All landscape contractors worth their salt prioritize maintaining relationships with clients. However, an improper paver installation can present with troublesome symptoms that will have homeowners calling back in an aggravated state. This can harm your reputation, while the need for repairs and replacements can accumulate to become an unprofitable workload. For your next Bergen County, NJ, patio, driveway, or walkway project, ensure that you install paving stones right the first time and you’ll avoid these common issues:
Roots Invade and Pavers Move
As the roots of surrounding trees and plants grow over time, they can lift paving stones and move them out of place. Take note of how many trees and plants line a client’s paving project to predict the amount of pressure concealed roots could exert on the pavers. It may be necessary to remove roots near the area of installation, but be aware of the potential risk making this move could have on the tree’s health and longevity. Decomposed roots could cause pavers in the area to sink.
Pavers may sink over time if they have an improper base. The layer of base material laid before pavers are installed is absolutely crucial to the integrity of the finished project. The area must be properly excavated to a depth appropriate for the soil type. Not only should the excavation be deep enough, but it should be deepened if poor soil or other issues come up. Too shallow an excavation or an uneven base can also result in an uneven paved surface—so ensure that you take the time to refine the base layer of the project.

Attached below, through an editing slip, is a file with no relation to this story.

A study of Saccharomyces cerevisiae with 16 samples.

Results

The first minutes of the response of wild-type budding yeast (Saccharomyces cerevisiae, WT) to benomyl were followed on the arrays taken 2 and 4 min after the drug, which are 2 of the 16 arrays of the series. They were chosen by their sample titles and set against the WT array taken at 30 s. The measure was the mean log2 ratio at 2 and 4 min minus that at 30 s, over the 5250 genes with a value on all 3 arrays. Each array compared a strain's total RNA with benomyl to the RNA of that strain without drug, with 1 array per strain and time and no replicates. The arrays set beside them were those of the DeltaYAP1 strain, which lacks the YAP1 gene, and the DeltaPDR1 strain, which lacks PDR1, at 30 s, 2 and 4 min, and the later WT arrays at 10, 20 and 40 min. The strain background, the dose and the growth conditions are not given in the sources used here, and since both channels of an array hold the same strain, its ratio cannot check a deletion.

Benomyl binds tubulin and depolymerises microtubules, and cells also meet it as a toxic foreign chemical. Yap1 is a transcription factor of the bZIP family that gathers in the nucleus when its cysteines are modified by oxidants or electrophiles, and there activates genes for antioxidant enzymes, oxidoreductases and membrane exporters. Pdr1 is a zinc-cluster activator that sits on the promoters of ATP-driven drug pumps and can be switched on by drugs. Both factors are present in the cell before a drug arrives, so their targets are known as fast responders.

Image Source - Unilock
Poor Drainage Damages Pavers
Inadequate drainage can also cause a paved surface to sink or cave in because it causes the underlying soil to erode. As the pavers sink, water might pool on the surface of the patio or driveway. This can eventually progress to cause cracks in the pavers and damaging them to the point where they are rendered unusable. Ensure that you thoroughly assess and reinforce the drainage on your clients’ property before beginning installation.
Pavers Start to Lean
The pavers along the perimeter of a patio can separate from the others over time, causing the entire edge of the paved surface to lean over. This issue is usually caused by the lack of a proper edging system. Edging keeps pavers contained and compacted so that they do not drift out of place over time. The edging system should not only be of solid quality, but should also be installed properly. Leave a minimum of 6 inches of base material around the perimeter of the paved project to provide the edging system with a firm foundation.
Weeds Take Over
Homeowners rarely appreciate weeds invading the joints between their pavers, unless it was planned in order to achieve a more naturalistic hardscape. Prevent this issue by opting for polymeric sand for the joints between pavers. Polymeric sand, when mixed with water, forms a binding agent that stands in the way of the spread of weeds. The installation of geotextile fabric beneath the pavers can also prevent the invasion of weeds from the soil below.